Church In Cairo Suicide Bomb Blast Fully Restored - Right Down To The Icons

ReutersRelatives of a Christian woman who was killed in the bombing of Cairo's main Coptic cathedral, carry her body to bury at the Mokattam Cemetery in Cairo, Egypt on December 12, 2016. The church has now been fully restored

An Egyptian church in which a suicide bomber killed 27 people on 11 December has been fully restored, the Coptic news site Watani reports.

The Boutrossiya chapel, which lies next door to the Coptic Orthodox Cathedral of St. Mark in Cairo, was restored following a pledge from President Abdel Fattah el-Sisi that it would be ready for Coptic Christmas celebrations on 7 January.

A week ahead of that the church, which is consecrated to St. Peter and St. Paul, reopened on New Year's Eve.

On New Year's Day, the Coptic leader Pope Tawadros II presided over Mass and then met with the families of the victims of the attack over breakfast in the church hall.

It was initially reported that a woman had left a bag in the church which later exploded. But the Egyptian government later said that Mahmoud Shafik, a 22-year-old radicalised Muslim, had detonated a suicide vest at the scene. Three of his accomplices were arrested.

For the reopening, some of the walls and columns were left pockmarked by shrapnel from the blast, as a "testimony and remembrance" of the victims.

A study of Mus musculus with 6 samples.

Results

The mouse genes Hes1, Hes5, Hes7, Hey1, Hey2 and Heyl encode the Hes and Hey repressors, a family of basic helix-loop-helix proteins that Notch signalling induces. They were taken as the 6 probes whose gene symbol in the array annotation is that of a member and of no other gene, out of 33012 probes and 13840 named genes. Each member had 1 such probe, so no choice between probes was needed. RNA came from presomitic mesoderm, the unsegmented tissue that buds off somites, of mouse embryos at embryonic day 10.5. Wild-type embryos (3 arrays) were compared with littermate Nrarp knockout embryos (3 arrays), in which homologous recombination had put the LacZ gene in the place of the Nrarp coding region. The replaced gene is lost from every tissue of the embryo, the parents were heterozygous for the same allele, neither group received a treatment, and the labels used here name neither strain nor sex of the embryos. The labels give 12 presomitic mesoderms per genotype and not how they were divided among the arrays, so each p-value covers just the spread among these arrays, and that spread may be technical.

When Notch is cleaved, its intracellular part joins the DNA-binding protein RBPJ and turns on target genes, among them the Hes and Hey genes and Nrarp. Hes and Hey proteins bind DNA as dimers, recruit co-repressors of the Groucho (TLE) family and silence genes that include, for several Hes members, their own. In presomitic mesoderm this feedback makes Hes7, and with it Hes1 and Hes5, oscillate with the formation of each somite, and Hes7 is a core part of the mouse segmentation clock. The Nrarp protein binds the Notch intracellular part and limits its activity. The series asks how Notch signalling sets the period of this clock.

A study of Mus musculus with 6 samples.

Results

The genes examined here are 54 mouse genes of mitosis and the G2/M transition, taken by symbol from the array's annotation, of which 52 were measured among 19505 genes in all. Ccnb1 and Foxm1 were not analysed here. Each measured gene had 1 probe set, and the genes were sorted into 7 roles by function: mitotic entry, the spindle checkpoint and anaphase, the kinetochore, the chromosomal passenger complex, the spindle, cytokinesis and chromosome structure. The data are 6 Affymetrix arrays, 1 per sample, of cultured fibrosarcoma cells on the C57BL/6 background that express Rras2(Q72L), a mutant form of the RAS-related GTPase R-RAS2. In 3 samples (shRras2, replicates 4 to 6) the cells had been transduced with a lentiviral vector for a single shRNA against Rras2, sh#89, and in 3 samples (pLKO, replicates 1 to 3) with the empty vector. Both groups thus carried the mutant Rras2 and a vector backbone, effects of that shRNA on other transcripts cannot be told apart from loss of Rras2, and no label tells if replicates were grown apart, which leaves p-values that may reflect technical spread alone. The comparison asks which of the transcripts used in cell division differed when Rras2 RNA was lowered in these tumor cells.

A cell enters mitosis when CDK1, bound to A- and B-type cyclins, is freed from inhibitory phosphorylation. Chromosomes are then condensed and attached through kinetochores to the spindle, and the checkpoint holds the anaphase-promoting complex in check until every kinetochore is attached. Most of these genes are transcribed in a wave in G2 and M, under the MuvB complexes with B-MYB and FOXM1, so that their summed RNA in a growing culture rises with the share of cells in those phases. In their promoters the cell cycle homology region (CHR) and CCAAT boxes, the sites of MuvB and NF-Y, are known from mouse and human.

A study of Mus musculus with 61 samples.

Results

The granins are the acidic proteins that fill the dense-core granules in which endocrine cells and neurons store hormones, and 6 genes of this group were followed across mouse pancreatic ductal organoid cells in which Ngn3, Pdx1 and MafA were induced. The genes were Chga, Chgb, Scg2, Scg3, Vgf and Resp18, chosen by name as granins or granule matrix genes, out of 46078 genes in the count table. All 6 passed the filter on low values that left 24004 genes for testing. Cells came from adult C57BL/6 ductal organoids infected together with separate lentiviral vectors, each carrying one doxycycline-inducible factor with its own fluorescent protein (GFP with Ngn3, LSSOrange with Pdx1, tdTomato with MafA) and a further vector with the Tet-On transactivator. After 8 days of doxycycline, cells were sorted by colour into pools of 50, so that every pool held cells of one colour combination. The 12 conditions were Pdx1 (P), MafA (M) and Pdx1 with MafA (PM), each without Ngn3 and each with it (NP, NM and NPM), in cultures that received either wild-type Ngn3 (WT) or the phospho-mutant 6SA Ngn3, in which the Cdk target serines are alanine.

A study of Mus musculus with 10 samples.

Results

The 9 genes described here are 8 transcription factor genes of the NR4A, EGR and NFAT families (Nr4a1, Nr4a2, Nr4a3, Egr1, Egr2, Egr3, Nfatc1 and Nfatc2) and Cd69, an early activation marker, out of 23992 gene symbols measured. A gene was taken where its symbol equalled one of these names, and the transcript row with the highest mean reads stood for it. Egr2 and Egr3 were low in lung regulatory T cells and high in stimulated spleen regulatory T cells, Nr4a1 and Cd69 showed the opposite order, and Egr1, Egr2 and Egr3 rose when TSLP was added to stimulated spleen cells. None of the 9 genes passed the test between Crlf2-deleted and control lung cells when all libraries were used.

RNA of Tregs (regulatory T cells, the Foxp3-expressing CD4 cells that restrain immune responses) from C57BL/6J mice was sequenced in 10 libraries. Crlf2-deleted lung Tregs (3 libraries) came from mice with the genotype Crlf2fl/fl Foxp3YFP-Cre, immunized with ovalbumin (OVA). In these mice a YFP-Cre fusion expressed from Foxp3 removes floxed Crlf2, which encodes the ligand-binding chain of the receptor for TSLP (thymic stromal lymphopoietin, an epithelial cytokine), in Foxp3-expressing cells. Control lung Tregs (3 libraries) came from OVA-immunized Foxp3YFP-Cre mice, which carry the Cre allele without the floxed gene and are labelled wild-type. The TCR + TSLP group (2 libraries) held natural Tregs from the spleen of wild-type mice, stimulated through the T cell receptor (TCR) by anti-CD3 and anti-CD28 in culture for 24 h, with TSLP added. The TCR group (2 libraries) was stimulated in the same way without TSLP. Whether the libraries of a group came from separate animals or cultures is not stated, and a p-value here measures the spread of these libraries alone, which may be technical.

The Armed Forces' construction department carried out the major repairs, to the wooden roof, the doors and the windows.

Damaged chandeliers were replaced by old-style ones that had been kept in storage, and new pews and drapes were brought in.

Meanwhile, a team of Italian specialists in icon restoration are handling the delicate work on the icons which date back to the outset of the 20th century and were painted by the Italian Primo Panciroli, Watani reported.

At the time of the attack, Pope Tawadros II denounced it as "not just a disaster for the church but a disaster for the whole nation".

He added: "Those who commit acts such as this do not belong to Egypt at all, even if they are on its land."

Those killed in the blast were given a state funeral, attended by Sisi.

But there is reportedly a growing feeling among many Copts that Sisi is presiding over a culture of impunity among those who attack Christians in Egypt, especially in towns like that of Minya, 140 miles south of Cairo.

Christians were repeatedly targeted in Minya during 2016.

In May, a 70-year-old woman in the town of Karam was paraded naked through the streets after being accused of having an affair with a Muslim.

A database compiled by the Tahrir Institute for Middle East Policy lists 54 incidents against religious minorities in Egypt during last year.